The myth tells that Demeter, goddess of the earth and protector of nature, had a beautiful daughter, Persephone, fathered by her brother Zeus. Hades, the god of the dead, fell in love with the girl and kidnapped her, dragging her with him into the
Demeter then began to look for her daughter everywhere and in desperation, stopped taking care of the plants, causing a great famine of flowers and fruits on Earth.
Nature had fallen asleep and in the meantime, humankind suffered from the lack of her gifts. Zeus then decided to intervene and ordered Hades to return Persephone to Demeter.
Hades agreed, but before he let her go he made her eat six pomegranate seeds, which forced the girl to return to him in the underworld for six months of the year. This is how the ancients explained the cycle of the seasons: when Persephone returned to Earth, Demeter happily reawakened nature (spring and summer). Then, when she returned to the underworld, nature went back to sleep and the land became barren and lifeless again (autumn and winter).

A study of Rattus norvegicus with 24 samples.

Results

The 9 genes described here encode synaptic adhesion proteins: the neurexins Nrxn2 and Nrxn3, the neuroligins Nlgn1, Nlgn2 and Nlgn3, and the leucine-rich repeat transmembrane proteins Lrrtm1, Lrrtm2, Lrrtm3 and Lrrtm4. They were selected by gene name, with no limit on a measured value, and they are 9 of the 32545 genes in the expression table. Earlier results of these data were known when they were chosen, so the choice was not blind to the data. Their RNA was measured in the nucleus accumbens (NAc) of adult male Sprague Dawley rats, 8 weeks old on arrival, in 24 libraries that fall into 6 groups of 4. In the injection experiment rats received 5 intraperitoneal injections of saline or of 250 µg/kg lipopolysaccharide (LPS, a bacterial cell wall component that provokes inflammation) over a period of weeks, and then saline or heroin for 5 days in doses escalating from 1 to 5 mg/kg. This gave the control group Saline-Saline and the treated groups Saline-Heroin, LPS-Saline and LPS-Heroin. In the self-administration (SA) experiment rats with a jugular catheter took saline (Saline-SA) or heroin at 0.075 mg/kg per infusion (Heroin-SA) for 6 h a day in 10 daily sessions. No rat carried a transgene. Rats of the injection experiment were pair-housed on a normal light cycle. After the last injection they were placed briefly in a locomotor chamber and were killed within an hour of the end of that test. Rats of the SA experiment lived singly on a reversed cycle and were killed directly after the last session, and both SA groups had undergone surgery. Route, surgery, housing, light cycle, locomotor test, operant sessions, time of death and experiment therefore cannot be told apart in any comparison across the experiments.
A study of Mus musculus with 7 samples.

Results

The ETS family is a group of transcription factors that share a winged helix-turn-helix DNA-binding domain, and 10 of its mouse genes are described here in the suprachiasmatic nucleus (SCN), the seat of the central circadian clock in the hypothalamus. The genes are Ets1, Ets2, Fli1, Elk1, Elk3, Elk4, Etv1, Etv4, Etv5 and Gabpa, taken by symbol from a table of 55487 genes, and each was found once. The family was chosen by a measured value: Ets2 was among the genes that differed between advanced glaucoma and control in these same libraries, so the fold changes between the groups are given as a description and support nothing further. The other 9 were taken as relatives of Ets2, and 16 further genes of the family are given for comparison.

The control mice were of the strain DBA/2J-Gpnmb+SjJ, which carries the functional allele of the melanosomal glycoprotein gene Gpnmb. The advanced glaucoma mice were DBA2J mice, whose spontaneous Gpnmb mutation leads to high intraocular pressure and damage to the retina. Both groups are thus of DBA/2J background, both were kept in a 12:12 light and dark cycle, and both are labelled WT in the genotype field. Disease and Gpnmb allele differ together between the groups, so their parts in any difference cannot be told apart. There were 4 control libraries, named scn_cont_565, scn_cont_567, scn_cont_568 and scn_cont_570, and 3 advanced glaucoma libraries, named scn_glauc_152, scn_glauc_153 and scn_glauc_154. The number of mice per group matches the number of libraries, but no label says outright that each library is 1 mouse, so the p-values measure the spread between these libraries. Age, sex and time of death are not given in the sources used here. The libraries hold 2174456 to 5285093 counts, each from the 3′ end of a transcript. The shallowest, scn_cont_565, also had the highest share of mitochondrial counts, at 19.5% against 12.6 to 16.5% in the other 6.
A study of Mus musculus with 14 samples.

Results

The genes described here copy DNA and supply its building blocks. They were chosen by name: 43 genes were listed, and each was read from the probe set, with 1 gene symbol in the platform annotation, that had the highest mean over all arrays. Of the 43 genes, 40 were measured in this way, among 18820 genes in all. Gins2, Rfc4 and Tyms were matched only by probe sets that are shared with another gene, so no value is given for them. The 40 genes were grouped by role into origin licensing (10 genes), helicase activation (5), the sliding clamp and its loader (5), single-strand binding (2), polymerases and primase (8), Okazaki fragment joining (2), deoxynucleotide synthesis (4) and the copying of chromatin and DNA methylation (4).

According to Cicero , the two goddesses were the most worshipped deities in all of Sicily. In fact, the island was a land with a strong agricultural vocation, where the wealth and well-being of its inhabitants were closely linked to the cycle of the seasons and the products of the land.
Agrigento in particular was a fertile land for cultivation and pastures, and therefore its inhabitants had erected several sanctuaries for the two deities, so much so that Pindar called it the “abode of Persephone”.